The Hunger Games: Catching Fire is one of the good sequels. Even better than good, in fact. The movie does what a sequel should do—build upon its predecessor, add more depth to the protagonists, and up the ante—and does it well.
Following the events of The Hunger Games (2012), President Snow (Donald Sutherland) personally instructs Katniss Everdeen (Jennifer Lawrence) to convince the people of Panem and, more importantly, him that the only reason she and Peeta Mellark (Josh Hutcherson) did what they did to win the 74th Hunger Games together was out of love for each other. Snow is rightly worried that the couple’s victory will be seen as an act of defiance against the Capitol, inspiring people to rebel against the powers that be. Katniss and Peeta do their best to act deeply in love in public, much to the chagrin of Gale Hawthorne (Liam Hemsworth), Katniss’s best friend, who is in love with Katniss. Snow, however, is not convinced, so he and the new Head Gamemaker, Plutarch Heavensbee (Philip Seymour Hoffman), come up with a plan to force Katniss to once again participate in the Hunger Games.
Compared to the first installment, The Hunger Games: Catching Fire is darker in tone. The political and societal themes of the narrative become more pronounced as the focus slowly but surely shifts from the Hunger Games as such to the growing resistance in the twelve districts against the Capitol.
As the stakes become higher, loyalties change. The most significant character development in that regard takes place in Effie Trinket (Elizabeth Banks), who is a lot more sympathetic here; a true friend from the Capitol.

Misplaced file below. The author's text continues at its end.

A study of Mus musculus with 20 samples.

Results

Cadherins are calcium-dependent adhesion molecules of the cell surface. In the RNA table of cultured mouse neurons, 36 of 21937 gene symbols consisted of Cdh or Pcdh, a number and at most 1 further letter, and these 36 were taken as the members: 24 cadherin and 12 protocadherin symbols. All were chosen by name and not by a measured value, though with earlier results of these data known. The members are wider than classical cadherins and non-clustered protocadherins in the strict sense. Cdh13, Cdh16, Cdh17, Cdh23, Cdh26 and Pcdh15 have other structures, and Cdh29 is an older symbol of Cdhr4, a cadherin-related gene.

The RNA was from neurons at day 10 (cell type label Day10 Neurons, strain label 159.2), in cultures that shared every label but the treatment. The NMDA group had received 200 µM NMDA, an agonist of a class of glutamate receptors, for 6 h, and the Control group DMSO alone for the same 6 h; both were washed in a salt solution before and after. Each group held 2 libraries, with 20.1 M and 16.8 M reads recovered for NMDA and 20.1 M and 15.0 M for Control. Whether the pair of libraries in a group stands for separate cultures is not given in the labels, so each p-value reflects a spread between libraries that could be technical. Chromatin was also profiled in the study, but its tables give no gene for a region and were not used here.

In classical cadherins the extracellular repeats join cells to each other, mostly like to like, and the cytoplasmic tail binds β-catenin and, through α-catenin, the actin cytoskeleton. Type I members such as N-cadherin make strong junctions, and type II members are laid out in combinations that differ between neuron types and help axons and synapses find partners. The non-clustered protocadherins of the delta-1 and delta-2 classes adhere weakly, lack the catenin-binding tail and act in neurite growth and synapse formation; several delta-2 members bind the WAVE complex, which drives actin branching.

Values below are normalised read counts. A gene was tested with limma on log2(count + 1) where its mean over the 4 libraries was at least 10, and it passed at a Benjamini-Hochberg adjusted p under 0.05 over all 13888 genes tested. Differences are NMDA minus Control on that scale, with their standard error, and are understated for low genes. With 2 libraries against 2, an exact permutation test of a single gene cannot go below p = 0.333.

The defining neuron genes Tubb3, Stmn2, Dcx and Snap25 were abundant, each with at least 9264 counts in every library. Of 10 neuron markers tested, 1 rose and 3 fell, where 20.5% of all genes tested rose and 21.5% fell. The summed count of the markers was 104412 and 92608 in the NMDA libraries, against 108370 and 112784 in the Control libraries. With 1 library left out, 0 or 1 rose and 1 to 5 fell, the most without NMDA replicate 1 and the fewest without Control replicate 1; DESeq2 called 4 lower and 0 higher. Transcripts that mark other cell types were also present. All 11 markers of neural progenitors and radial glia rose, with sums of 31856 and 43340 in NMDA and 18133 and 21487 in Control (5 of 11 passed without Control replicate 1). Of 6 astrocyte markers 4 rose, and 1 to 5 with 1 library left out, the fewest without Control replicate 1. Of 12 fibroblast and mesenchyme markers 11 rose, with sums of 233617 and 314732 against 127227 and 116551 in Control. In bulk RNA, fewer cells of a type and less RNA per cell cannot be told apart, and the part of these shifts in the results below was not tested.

The arena of the 75th Hunger Games is an impressive and cleverly designed one, more dangerous and more difficult to compete in than the arena featured in the previous movie, as befits a Quarter Quell edition of the Games (held every 25 years). As a viewer, one can almost feel the high humidity in the densely forested arena.
With this edition of the Hunger Games being a Quarter Quell, the threats to the tributes are even deadlier. There’s a suspenseful and thrilling sequence involving poisonous fog, for example, and it is followed by an intense attack by monkeys on the protagonists. At the other end of the spectrum is a wonderfully awkward moment set in an elevator.
Director Francis Lawrence, taking over the reins from Gary Ross, does a commendable and confidence-instilling job. Working from a screenplay by Simon Beaufoy and Michael deBruyn, he delivers a terrific and terrifically engaging film that raises the bar for young-adult, science-fiction adventure movies.
The production value remains high in this installment, largely thanks to the excellent production design by Philip Messina and Trish Summerville’s extravagant costumes, as well as to the solid special and visual effects. Furthermore, The Hunger Games: Catching Fire is a well-paced movie, with Alan Edward Bell’s work in the editing room making the proceedings’ 146 minutes go by without a dull moment.
The film can be criticized for being a partial rehash of the first movie in the franchise, with Katniss and Peeta having to participate in the Hunger Games again, but this time the purpose is a different one in terms of the storytelling. The previous entry in the series was about Katniss first volunteering to take Primrose Everdeen’s (Willow Shields) place as tribute in order to save her younger sister’s life and then surviving the Hunger Games. In this film, Katniss’s forced second participation in the Games opens her eyes to the big picture and makes her see President Snow’s regime for what it really is.
Lawrence seems perfectly comfortable in the leading role and has made it her own. Hutcherson does a winning turn as the male protagonist, much less wooden here than in the previous film. A strong addition to the cast, Seymour Hoffman certainly doesn’t disappoint. And Stanley Tucci once again provides the icing on the cake with a gloriously whimsical performance as Hunger Games host Caesar Flickerman.
The Hunger Games: Catching Fire ends on a cliffhanger. That’s somewhat unsatisfying, of course, but it definitely leaves the viewer excited and looking forward to the third movie in the series.